Hollywood's cloud based video service, UltraViolet, is in trouble, as Warner Bros' launch of the format is meeting with increasing customer dissatisfaction.
UltraViolet, originally designed by Sony, aims to provide a cloud based digital version of movies for buyers of DVD and Blu-ray's. While on paper this seems like a good plan, the actual implementation of UltraViolet has been left to individual studios, and that's where the problem begins.
For WB, their implementation of UltraViolet relies on the Flixster app (WB purchased Flixster earlier in the year). But what was supposed to be an easy process has turned into a nightmare for users, thanks to the typical Hollywood reaction to new formats: proprietary technology and DRM.
Users who purchased copies of WB's UltraViolet enabled movies, including 'Horrible Bosses', 'Green Lantern', and the newly released Blu-ray mega-hit 'Harry Potter and the Deathly Hallows, Part 2', have to jump through a series of convoluted hoops to get the UltraViolet version, only to be met with errors, and compatibility problems. The process is so complicated that Warner Bros. has had to release a 2 minute long instructional video on how to use their implementation of UltraViolet. Users have to sign up with an UltraViolet account, and then another Flixster account, link the two accounts together, and then try to download/stream the movie, with many unable to do so. On PCs, users may need to install additional software, such as Adobe Air, to get the process going.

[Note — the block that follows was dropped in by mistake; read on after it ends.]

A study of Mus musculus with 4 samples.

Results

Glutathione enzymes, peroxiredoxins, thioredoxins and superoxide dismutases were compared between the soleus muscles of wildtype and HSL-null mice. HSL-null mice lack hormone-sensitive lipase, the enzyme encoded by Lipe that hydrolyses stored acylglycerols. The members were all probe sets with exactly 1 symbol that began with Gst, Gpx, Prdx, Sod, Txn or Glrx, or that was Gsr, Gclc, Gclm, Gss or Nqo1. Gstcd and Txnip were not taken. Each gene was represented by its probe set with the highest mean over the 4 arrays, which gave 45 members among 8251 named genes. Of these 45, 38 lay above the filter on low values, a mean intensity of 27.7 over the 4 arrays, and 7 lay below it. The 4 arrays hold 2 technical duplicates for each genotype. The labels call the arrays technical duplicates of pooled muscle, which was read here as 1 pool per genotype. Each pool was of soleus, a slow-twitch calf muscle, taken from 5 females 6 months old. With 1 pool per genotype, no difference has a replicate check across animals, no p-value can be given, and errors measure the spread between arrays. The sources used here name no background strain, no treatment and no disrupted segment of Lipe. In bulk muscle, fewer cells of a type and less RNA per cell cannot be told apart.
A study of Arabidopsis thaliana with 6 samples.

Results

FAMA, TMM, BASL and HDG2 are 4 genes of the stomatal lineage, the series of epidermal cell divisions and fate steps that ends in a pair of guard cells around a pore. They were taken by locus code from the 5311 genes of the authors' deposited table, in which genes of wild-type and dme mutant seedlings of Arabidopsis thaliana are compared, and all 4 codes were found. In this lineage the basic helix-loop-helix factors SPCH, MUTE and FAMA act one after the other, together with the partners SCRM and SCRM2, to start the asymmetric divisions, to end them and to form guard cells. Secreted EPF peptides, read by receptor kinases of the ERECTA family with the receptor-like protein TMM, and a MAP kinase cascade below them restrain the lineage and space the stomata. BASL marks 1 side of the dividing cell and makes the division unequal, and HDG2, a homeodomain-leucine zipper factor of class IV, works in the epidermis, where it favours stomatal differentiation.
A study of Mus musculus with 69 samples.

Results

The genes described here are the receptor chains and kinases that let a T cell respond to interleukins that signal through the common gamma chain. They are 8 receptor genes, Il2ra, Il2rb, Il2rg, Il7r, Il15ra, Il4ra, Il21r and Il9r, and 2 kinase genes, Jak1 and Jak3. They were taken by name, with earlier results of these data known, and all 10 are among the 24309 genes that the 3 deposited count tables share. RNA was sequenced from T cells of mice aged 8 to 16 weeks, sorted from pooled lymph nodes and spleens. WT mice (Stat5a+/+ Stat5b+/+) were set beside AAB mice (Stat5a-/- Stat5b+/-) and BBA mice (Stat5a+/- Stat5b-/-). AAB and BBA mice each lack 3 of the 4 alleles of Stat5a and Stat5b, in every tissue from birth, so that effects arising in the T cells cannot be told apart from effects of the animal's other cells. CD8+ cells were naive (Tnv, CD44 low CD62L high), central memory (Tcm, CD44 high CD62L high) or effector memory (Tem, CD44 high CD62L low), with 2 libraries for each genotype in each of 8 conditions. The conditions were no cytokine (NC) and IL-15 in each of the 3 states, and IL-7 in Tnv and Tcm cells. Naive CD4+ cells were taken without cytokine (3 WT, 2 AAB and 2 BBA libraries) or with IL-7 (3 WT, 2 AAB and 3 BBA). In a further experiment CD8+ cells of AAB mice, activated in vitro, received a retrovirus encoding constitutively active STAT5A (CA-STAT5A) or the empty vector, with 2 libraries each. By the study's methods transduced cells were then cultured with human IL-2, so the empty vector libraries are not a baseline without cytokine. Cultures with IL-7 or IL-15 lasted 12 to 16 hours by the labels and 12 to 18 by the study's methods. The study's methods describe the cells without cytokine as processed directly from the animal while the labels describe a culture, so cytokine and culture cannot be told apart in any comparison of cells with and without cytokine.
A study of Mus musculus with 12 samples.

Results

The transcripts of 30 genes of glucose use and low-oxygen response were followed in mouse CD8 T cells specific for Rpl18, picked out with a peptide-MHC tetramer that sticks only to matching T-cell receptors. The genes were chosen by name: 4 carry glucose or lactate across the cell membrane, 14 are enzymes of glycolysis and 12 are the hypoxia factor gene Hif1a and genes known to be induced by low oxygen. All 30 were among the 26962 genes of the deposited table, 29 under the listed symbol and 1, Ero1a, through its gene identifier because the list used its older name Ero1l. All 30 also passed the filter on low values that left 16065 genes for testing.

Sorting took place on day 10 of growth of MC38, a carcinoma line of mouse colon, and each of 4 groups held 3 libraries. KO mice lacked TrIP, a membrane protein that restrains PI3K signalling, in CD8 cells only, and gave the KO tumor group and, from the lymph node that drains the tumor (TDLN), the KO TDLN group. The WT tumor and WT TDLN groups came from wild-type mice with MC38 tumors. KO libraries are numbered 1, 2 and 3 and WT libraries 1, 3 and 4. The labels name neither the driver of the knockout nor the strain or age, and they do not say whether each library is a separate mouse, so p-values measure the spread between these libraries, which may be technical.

Users are so frustrated with UltraViolet, that they have taken to Amazon to protest the format, with many one-star reviews of the latest Harry Potter movie all to protest about UltraViolet. One user posted "It took me 30 minutes to create accounts and read agreements, 45 minutes to read up on UltraViolet, and I haven't even seen the movie yet! VERY unhappy consumer."
And Flixster's UltraViolet tech support section has been flooded with customer complaints about WB's UltraViolet implementation, so much so that Flixster has been giving away free iTunes vouchers for the UltraViolet enabled movies.
Ironically, Apple is one of the few tech companies not signed up to UltraViolet. Disney is the only other major studios not supporting UltraViolet, as they're pursuing their own version of the same service called KeyChest.
The problem for UltraViolet will compound as more studios release their own implementations of it, which means while users may have just a single UltraViolet account that lists all their movies, the actual method of distribution and playback will differ from studio to studio, adding to the confusion users are already experiencing.